July 26, 2018


It’s not a very big town.  At its peak it probably housed no more than 1500 residents.  It has a pleasant location, especially considering the view of the Sea of Galilee.  On last year’s Holy Land trip we sat in the shade of the trees and gazed at the historic ruins around us.

Capernaum was not, by any means, a big news-making city in itself.

But, oh, when Jesus came into the town, things changed.

Jesus decided that Capernaum would be His “headquarters” and would often finish preaching in the the countryside near the northern shore of the Sea of Galilee and return there (Matthew 9:1; Mark 2:1).

While in this little location Jesus did numerous miracles (Matthew 4:18-22; Mark 1:34). as well as picking some of his disciples:  Matthew, Peter, Andrew, James and John. In addition, a Roman centurion asked and received the curing of his servant (Luke 7:1-10).  Jesus was confronted by a demoniac while teaching in Capernaum.  Of course, He healed him.

On and on this little location was the place for Jesus to show His power.

According to author Ray Pritz, the established religious society outside of Capernaum considered the town a place to be avoided since the citizens were going all-out for this Jesus movement.  Don’t want to get involved with some fanatics…

Wow,  Things were happening.

Yet in the end, Jesus ends up cursing Capernaum for the inhabitants’ unbelief.  After all that was done within the city limits, you still don’t believe?  Complacency brought on a curse.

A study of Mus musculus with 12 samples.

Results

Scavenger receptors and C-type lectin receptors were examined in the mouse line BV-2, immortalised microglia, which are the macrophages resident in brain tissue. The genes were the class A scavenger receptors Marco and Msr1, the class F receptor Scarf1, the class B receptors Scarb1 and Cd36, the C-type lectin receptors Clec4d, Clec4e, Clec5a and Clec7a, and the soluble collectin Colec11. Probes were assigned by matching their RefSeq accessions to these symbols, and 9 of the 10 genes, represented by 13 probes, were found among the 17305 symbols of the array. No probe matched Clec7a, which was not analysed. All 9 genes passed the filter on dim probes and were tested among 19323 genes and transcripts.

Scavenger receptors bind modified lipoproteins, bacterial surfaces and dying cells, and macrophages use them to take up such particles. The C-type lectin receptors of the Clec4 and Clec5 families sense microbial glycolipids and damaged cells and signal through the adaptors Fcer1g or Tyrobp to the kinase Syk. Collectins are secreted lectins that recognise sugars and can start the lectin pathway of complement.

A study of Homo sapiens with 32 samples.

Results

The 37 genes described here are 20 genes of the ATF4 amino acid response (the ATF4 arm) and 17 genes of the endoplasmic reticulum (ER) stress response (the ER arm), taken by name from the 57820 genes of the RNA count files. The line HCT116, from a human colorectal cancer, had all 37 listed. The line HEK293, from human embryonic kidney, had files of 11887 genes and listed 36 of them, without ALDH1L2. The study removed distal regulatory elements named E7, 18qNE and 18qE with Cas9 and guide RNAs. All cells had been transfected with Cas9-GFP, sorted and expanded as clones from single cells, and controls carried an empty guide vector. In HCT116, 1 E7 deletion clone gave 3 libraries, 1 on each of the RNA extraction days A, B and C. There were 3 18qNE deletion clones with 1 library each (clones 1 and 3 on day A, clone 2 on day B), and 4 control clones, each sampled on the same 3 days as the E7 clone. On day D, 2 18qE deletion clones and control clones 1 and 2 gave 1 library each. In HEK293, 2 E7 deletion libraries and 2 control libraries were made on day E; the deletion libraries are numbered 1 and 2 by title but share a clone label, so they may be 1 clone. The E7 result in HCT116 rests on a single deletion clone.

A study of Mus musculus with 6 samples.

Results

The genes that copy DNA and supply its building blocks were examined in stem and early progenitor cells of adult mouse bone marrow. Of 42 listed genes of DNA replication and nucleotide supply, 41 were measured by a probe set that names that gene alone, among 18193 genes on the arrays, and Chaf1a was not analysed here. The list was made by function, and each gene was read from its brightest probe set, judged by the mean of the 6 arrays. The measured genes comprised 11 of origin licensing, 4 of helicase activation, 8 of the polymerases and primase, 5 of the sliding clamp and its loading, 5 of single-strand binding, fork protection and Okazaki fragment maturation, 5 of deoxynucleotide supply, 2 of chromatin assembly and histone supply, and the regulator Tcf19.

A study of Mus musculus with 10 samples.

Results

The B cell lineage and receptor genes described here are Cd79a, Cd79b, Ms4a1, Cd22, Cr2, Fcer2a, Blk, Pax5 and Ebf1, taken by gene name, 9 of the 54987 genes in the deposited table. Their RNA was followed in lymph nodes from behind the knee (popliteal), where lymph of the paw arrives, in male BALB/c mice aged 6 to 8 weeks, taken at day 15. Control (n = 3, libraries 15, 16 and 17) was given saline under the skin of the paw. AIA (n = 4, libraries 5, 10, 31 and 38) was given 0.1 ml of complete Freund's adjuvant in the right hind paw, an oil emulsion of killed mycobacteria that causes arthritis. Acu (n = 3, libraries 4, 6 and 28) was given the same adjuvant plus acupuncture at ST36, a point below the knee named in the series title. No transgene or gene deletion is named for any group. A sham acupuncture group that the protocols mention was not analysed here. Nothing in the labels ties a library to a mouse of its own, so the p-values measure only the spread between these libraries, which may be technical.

I want to take away some important thoughts and use them in this year’s teaching.

First, I’m going to consider my classroom a little Capernaum.  When the bell rings and the door closes, I’m committed that within our “city limits” we are going to see Jesus in His glory.  The boundaries are going to be set – I’m going to eliminate as many distractions as possible.  No matter what the course of learning that day, I am going to aim it so that we finally rest upon Jesus before the students walk out the door.

Second, I want to avoid the downfall of Capernaum.  Seems they didn’t end with a bang, but with a whimper. They became complacent.  Oh, there were a few who took to Jesus and were deeply faithful, but as a whole, the response ended up being a big yawn.  Doesn’t that sound like a lot of your students’ response to Christ?  I know it did in my classroom last year.  Polite and verbally supportive but actively indifferent.

So I’m going to pray for God’s guidance and get a proper spiritual balance here.  I want to get the city’s Christ-closeness but avoid its apathetic demise.  Let me call my little territory in the far corner of the Grace Christian Academy “New Capernaum”, if I may.

I invite you to do the same, whether you teach pottery or Plato, gymnastics or German.  Draw a line in the sand.  Set up your boundary markers.  And goWhen that bell rings, bring the joy of Heaven and the energy of Jesus into your classroom or teaching location.  Show the students your heart.  Let them see and hear Jesus and the joy of the Kingdom within you.

And never, never become complacent about Christ.

Your students deserve better.




Pritz, Ray A.  1992 Nazarene Jewish Christianity: From the End of the New Testament Period Until Its Disappearance in the Fourth Century. Jerusalem, Israel: The Magnes Press, The Hebrew University.